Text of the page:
It’s a known fact that summer is a hot time for blockbuster movies — big action, dumb fun, superheroes and saving the world.
The MCU reliably churns out movies this time of year, and despite this year’s Endgame perhaps indicating a, well, end to the franchise, summer 2019 was no exception.
But there are also hidden gems, low-budget, and lowkey, movies to check out. Here are a few.
The follow-up to Ari Aster‘s 2018 breakout Hereditary, the movie tracks Dani, a college girl who’s recently suffered an unimaginable tragedy, her jerk boyfriend Christian, his anthropologist friends and their trip to one seriously creepy Swedish cult.
Needless to say, sh*t hits the fan. Horror movies are usually shot in the dark, but this film proves that nightmares can happen in broad daylight. Check out these terrifying theories after you watch to get even more freaked out.
Directed by Olivia Wilde, Booksmart follows two studious, high-achieving (book smart) high-school seniors (Beanie Feldstein and Kaitlyn Dever) on the eve of their graduation as they attempt to make up for all the parties they missed in high school.
Adding a twist to the conventional coming-of-age story, Kaitlyn Dever’s character Amy is queer, out about her sexuality, and shares an awkward love scene with a female classmate.
Unfortunately, though the movie and director Wilde received rave reviews, it underperformed at the box office, earning only $6.9 million over its first four days and landing at sixth place for the weekend.
Hopefully, the disappointing returns won’t be enough to stop these kinds of movies from getting made.
3. The Farewell
Already being called one of the best movies of 2019, The Farewell stars Crazy Rich Asians‘ breakout Awkafina as Billi, a young woman who returns to her family’s home in Changchun, China after her grandmother is given weeks to live — and her family chooses not to tell their matriarch but rather to host a wedding.
The movie is also notable for who was behind the camera: writer-director Lulu Wang, who as a female, Asian-American director of a U.S. box office hit, is in a very, very select category of people.
— Variety (@Variety) July 14, 2019
In an interview, Wang explains that she based the movie off her life, and her own family’s choice not to tell their Nai Nai (Mandarin for grandmother) that she had been diagnosed with Stage 4 lung cancer.
The experiences depicted in the movie have also resonated deeply with Asian-American audiences and first-gen individuals, people in the Asian diaspora reconciling with their cultures.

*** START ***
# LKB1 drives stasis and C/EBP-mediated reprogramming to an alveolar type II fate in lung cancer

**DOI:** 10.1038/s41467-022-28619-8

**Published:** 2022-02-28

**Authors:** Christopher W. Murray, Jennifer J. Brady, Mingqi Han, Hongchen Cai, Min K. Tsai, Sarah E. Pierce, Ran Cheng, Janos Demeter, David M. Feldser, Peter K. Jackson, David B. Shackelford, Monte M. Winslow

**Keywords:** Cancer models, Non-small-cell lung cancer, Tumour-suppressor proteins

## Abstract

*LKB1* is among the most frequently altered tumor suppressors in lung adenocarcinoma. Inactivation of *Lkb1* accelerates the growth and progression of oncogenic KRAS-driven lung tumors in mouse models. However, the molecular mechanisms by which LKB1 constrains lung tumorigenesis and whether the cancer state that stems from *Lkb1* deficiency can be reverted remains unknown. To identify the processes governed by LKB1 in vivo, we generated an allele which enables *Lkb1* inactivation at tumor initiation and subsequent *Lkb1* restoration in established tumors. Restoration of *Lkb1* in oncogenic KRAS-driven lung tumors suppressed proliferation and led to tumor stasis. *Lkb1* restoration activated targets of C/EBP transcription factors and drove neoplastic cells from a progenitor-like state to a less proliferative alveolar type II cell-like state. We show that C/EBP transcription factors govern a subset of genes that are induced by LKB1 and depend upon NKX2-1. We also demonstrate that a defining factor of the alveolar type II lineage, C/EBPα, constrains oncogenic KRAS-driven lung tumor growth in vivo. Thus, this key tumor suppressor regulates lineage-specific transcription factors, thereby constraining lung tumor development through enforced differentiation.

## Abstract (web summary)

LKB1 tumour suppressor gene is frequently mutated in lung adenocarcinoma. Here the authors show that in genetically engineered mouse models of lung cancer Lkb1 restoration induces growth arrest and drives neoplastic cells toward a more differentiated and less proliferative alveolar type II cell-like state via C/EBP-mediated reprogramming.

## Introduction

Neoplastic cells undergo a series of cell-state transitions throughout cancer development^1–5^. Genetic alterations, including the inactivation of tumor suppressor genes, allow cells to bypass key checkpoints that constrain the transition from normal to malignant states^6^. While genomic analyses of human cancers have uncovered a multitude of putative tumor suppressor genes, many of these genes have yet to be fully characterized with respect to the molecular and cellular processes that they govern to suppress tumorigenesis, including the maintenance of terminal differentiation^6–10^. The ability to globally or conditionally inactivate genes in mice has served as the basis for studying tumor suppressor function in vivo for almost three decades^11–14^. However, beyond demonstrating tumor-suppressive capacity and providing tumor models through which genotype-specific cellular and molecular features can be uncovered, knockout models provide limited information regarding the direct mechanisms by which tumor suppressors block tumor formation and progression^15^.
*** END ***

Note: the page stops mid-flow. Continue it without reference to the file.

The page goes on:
I never thought I’d see a version of my family so authentically in an American movie screen. The film resonated from the very first frame. #TheFarewell destroyed me. Beautifully written and directed by @thumbelulu
— chairmanchen (@YingjueChen) July 15, 2019
4. Late Night
Directed by Indian-Canadian filmmaker Nisha Ganatra, the movie follows a never-better Emma Thompson as grumpy late-night talk show host Katherine Newbury.
Mindy Kaling co-stars as Molly Patel, an inexperienced comedy writer hastily added to the all-white writer’s room in an effort to reverse the show’s declining ratings. (An ironic character for Kaling to play since she wrote the film.)
In a world where the late-night talk show landscape is populated by men, it’s refreshing to see two women succeed in the medium.
5. The Art of Self-Defense
Jesse Eisenberg, who I’ll always remember for his arrogant turn in The Social Network, stars in this absurdist comedy that artfully deconstructs toxic masculinity.
The film’s premise is this: after getting mugged, Eisenberg’s meek accountant Casey decides to take night-time karate classes in order to protect himself.
He, along with his fellow dojo red- and blue- belt classmates, soon become desperate to please their sensei (Alessandro Nivola).
6. Where’d You Go, Bernadette
Richard Linklater (Boyhood, School of Rock) directs Oscar winner Cate Blanchett as the titular missing Bernadette in the upcoming movie, based off the 2012 hit novel by Maria Semple.
The novel has a unique form: it is composed of various letters and e-mail correspondence, the purpose of which is also a mystery.
Trips to Antarctica, sustainable architecture, a Russian scam and characters with names like “Elgie Branch” populate this absurd mystery/ comedy/ drama.
I loved the book, but I must say that this trailer, filled with platitudes like “find out what makes you, you,” makes me slightly concerned. Hopefully, this movie won’t turn out to be a mess Cate Blanchett can’t even fix.